Scientists have found a way to decide the sex of mice through gene editing. Each year, thousands of rodents are experimented on. Researchers in England have found a way to rescue that number. The procedure is explained in Nature Communications, an academic journal.
In the first stage, the research team takes two mice, one with female chromosomes and another with male chromosomes. Next, a gene-editing molecule, Crispr-Cas9, is split in two and given to each participant. In the XX rodent, the molecule is inserted in the DNA, and for the XY mice, the gene editor is placed in either the Y or X chromosome. The outcome is presented after the mice mate with one another.
The decision of whether the gene modifier is placed in the father's X or Y chromosome is based on which sex was needed. If Crispr-Cas9 is put in Y, then that chromosome won't be activated, producing a female-only litter. The female fetuses mature regularly, but the male embryos end up having both parts of the gene-editing molecule, so they don't develop. This process is vice-versa, if the deactivating gene is found in the male X, then only XY fetuses will develop normally. Since gender is defined by the sex chromosome, the scientists were able to manipulate the genes to create an outcome they desired. By making the gene inactive, the offspring ceased developing past the point of having around 16 to 32 cells.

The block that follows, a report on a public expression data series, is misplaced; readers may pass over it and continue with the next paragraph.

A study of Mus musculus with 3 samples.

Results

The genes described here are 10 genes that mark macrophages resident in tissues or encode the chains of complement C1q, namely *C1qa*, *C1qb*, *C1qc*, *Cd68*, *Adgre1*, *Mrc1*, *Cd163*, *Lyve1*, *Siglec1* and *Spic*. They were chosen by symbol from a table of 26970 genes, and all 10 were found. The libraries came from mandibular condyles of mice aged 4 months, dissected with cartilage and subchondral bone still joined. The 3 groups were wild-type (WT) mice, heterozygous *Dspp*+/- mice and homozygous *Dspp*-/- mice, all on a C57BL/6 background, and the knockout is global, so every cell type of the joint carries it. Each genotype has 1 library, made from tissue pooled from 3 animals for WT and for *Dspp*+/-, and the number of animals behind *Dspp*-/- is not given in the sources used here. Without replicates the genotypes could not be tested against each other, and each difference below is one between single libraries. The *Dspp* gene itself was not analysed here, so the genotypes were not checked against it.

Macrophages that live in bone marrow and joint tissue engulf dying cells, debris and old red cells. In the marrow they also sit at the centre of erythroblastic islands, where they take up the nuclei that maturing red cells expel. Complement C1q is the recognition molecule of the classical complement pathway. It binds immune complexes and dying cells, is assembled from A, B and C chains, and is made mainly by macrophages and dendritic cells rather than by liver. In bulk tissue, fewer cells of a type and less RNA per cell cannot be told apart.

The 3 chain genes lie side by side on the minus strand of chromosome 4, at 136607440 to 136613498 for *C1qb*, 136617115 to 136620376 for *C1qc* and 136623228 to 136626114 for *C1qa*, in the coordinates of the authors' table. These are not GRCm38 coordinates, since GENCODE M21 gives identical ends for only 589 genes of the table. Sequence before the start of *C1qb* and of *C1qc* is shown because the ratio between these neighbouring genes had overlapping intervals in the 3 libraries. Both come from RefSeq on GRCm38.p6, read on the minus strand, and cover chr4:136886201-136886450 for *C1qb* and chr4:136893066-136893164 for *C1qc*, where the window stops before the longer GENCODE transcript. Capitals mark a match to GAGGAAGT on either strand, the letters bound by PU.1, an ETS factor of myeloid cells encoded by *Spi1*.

This technique could potentially save the lives of millions of rodents since most research needs specifically require either male or female mice. "The numbers of mice used in each case obviously varies," explained Dr. James Turner, who works at Londons' Francis Crick Institute, "but the total mouse usage would easily be in the hundreds of thousands. This work could have immediate and valuable impact in scientific laboratories." Peter Stevenson, the chief policy adviser at Compassion in World Farming agreed with research, "We support its use to improve animal welfare, such as ensuring that hens only produce female chicks, as this would prevent the killing of millions of unwanted male chicks in the UK each year. "But, the scientists aren't finished just yet, more research needs to be conducted before gene editing molecules can be used on lab animals."